This year's 3MT finalists

4 June 2015

Ever wondered what kind of research postgraduate students are working on at Bristol? Find out when eight take to the stage next Wednesday (10 June) to present their 80,000-word theses in just three minutes.

Doctoral researchers across 35 UK institutions are taking part in Three Minute Thesis (3MT), an academic competition designed to improve participants' presentation and communication skills and raise awareness of their research area.

Using just one slide, contestants are challenged to bring their research to life in an engaging way, using language understandable to a non-specialist audience, before the three-minute bell chimes.

Fifteen researchers took part in 'Bristol's answer to the TED talks' at the semi-finals on Wednesday, 3 June, and the best eight participants have been selected to compete in the Bristol finals on 10 June, from 2pm to 3pm in the Winston Theatre at Bristol SU.

The competition has become hugely successful since it was created by the University of Queensland, Australia in 2007, and has extended to higher education institutions around the globe.

The Bristol winner will go through to a national semi-final on 13 July, where six candidates will be chosen to compete in the UK final to be held at the Vitae Researcher Development International Conference on 8 September.

At the UK national final, a judges' choice winner and a people's choice winner will be chosen. The judges' choice winner will receive a £3,000 grant to spend on public engagement activity, sponsored by Research Councils UK and the National Co-ordinating Centre for Public Engagement (NCCPE).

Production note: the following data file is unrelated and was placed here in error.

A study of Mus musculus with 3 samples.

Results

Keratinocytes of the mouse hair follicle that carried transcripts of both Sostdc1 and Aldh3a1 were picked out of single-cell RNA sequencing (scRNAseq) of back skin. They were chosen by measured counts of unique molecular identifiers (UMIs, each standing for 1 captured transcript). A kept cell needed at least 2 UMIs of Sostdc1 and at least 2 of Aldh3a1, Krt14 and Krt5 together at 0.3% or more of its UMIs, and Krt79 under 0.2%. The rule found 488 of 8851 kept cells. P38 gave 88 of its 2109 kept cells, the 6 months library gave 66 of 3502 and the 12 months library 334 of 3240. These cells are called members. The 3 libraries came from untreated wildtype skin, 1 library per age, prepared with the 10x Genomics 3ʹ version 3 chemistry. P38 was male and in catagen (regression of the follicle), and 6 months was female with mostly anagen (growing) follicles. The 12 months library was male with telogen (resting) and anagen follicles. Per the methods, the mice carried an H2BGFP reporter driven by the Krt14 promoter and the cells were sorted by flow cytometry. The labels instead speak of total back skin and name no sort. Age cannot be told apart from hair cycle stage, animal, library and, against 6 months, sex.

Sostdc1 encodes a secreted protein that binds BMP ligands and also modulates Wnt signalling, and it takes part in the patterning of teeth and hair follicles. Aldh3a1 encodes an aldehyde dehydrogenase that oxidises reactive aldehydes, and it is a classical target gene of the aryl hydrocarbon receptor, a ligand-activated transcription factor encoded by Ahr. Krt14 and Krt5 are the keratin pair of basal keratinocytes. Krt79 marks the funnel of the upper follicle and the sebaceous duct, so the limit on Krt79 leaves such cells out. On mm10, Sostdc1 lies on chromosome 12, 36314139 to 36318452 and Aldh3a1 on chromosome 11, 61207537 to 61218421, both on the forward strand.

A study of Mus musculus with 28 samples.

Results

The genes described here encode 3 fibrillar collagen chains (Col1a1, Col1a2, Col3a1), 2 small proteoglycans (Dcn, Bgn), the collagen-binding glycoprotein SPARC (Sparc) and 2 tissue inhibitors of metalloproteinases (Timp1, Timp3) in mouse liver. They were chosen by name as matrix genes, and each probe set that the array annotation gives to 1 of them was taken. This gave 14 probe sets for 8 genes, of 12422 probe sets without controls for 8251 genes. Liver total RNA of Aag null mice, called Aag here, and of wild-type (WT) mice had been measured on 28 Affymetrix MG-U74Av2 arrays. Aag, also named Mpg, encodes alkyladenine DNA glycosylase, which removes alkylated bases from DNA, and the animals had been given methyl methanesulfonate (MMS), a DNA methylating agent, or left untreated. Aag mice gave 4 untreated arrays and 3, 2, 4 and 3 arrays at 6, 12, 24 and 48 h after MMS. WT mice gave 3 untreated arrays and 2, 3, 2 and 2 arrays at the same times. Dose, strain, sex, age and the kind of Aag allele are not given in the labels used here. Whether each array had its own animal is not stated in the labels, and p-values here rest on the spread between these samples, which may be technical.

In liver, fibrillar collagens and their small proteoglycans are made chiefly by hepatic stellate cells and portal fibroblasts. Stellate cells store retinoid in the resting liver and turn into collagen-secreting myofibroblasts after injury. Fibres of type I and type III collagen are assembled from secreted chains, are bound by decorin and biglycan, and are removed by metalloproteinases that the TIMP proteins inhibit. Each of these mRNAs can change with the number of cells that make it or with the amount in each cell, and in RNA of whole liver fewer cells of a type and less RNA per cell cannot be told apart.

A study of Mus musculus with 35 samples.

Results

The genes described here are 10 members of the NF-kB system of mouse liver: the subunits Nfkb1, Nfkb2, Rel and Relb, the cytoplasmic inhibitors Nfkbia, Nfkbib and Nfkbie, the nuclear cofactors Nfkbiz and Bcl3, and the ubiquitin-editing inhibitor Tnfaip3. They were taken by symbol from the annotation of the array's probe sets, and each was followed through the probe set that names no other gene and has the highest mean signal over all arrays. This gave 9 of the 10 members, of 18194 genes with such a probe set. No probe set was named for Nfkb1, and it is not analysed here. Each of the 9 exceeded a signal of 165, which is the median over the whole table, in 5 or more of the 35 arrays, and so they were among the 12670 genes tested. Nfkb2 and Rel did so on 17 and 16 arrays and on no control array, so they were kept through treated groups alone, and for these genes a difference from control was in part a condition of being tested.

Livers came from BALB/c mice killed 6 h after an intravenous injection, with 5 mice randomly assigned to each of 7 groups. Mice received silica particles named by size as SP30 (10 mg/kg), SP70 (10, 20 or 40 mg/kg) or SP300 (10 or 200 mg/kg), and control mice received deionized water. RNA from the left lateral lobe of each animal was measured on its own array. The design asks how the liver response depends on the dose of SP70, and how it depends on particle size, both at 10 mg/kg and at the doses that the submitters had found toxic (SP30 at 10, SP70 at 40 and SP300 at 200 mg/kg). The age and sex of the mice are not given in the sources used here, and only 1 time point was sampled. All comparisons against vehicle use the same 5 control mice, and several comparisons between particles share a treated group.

The Bristol finalists are:

  • Emma Liu (School of Earth Sciences) - 'When fire meets ice'
  • Catherine Gilmore (School of Clinical Sciences) - 'The role the placenta plays in fetal health'
  • Robin Neville (Department of Aerospace Engineering) - 'Folding the future'
  • Audrey Reeves (School of Sociology, Politics, and International Studies) - 'Pleasurable war? Wartime heritage as tourist attraction'
  • Charlotte Chamberlain (School of Social and Community Medicine) - 'What is fair when it comes to cancer?'
  • Hannah-Marie Chidwick (Department of Classics and Ancient History) - 'United we fall: Multiplicity in Lucan's Civil War'
  • Thomas Farrugia (School of Chemistry) - 'Protein Power - Using Nature's Nanoscale Assembly Lines'
  • Jocelyn Cherry (School of Social and Community Medicine) - 'Children's Senses and Injury'

More information about the finalists is available on the Bristol Doctoral College website. Follow #Bris3MT on Twitter for updates.

The final on Wednesday 10 June is free and open to all. Attendees are requested to register in advance.

The Bristol 3MT is organised by the Bristol Doctoral College in collaboration with the Bristol SU Postgraduate Network.

Further information

Dominika Bijos won the judges’ votes last year after successfully summarising her research into the muscle motions which cause an overactive bladder.

Speaking of the experience, Dominika said: "I gained friends among fellow 3MT finalists and it was super exciting to hear about research from all corners of the University.

"Practically, I gained my research pitch - I can now talk about my research without any preparation to anybody. It proved very useful in all sorts of occasions from parties to job interviews.

"Something I didn't expect from winning was the recognition. People recognised me from watching my 3MT video, and suddenly I heard congratulations in the school corridor. I was invited to give a talk at a Clinical Sciences school meeting and then at Science Quarter NHS North Bristol Clinical Trials Day.

"It built my confidence and I took part in Bristol Bright Night and FameLab. There I made even more friends and was invited to take part in Bath Science StandUp. So a year later, my talk has over 3000 views on youtube, I have given 10 more talks and get more and more involved with research dissemination and science communication."